Bars, pubs, clubs, cabarets and jazz clubs make Prague one of the liveliest cities in Central Europe. In Prague, it is possible to go out every day of the week, but the best days are from Thursday to Saturday.
Where to go out?
Prague’s nightlife is concentrated in three areas of the city:
On the banks of the Vltava River, close to Charles Bridge, are some of the city’s most important bars and nightclubs. Thanks to its privileged location, this is one of the liveliest places to go out at night and tourists will find a great atmosphere in this area every day of the week. Locals don’t tend to go out in this area, as it is very touristy.
Zlaty Strom Bar & Music Club
Hotel, bar and club, Zlaty Strom (Karlova 187/6) is the ideal first place to visit on a night out. The bar has several rooms where you can either chill and have a drink, dance to 80’s music, or sit and admire the pole dancers (it is common for bars and clubs in Prague to have pole dancers).
Karlovy Lazne (Smetanovo nábřeží 198) is a five-floor club and one of the largest in Central Europe. Different music is played on each floor and visitors will find that this club is always full of people dancing and having a good time, even during the week. In the club you will also be able to find an Ice Bar, a room made completely out of ice at a temperature of -6°C (21°F). If you want to have a drink in this bar, you will have to pay a separate entry fee, which includes one drink, a coat and gloves.
Wenceslas Square is the centre of the city’s nightlife. This square offers some of the best and most popular bars, cabarets and night clubs in Prague. This area is also famous for its concert halls, the most legendary one being Lucerna Music Bar, inside Lucerna Palace, a site intended for concerts, with a cinema, music club, and shops.
Duplex Restaurant and Club
A giant glass cube looking down on Wenceslas Square, Duplex (Václavské náměstí 831/21) is a stylish, two storey club with a large terrace and great music. This is the city’s most fashionable club. If you don’t have time to see it during the night, you can also have lunch at its restaurant or have a drink at its bar during the evening.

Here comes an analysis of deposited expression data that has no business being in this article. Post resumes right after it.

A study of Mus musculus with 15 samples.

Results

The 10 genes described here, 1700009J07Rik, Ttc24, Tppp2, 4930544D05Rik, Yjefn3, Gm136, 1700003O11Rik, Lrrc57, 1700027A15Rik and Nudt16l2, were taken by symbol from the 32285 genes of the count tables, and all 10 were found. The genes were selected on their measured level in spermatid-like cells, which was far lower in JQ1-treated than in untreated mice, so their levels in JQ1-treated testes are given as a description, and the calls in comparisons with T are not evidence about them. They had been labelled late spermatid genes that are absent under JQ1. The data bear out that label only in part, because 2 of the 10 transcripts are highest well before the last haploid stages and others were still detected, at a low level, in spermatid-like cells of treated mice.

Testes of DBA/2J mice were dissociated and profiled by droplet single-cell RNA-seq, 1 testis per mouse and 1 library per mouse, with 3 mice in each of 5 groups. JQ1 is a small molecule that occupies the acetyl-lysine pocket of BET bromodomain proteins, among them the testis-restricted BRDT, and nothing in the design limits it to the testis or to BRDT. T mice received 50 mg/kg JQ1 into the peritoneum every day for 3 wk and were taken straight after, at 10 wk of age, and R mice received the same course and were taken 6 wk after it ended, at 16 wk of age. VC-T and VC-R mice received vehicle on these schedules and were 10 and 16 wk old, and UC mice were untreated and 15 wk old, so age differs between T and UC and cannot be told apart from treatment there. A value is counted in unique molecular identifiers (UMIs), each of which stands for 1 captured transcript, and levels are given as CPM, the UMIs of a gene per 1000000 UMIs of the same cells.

Nebe (Václavské náměstí 56) is a lively cocktail and music bar popular with locals and tourists. It is located very close to the National Museum.
Near the Old Town Square
In most of the narrow streets that lead to the Old Town Square there are bars and clubs. The local youth prefer the ones found on the following roadways: Dlouhá, Michalská and Melantrichova.
Dlouhá Street is renowned for its lively and unique bars. Some of the best are Bombay Bar (Dlouhá 13), which is a perfect place to have “afterwork” drinks, and Harleys Bar (Dlouhá 18), described as the “coolest hell on earth”. This place is more alternative with bar tenders that give impressive shows, insuring an unforgettable night.
Roxy (Dlouhá 33) is one of the oldest and best clubs in Prague. If you like electro-house-techno music, this is the place to go. Live concerts and other events are also organised in this club. It is open every day of the week and international djs are invited almost every weekend.
Melantrichova Street and Michalská Street
On these streets you will find renowned bars like Double Trouble (Melantrichova 970/17) and clubs such as Temple (Michalská 29). This club is located in a church and is quite curious to see. These places are normally full of young locals and very few tourists.
To bear in mind
The most common drink in Prague is beer. If you feel like ordering a mixed drink, you will have to order the two drinks separately and pay for them separately.
Bars and clubs that charge an entry fee normally cost between Kč 50 (US$ 2.30) and Kč 200 (US$ 9.10).
Dress code: Normally the bars and clubs in Prague don’t have dress codes, but you might want to dress smartly if you plan on going to Duplex.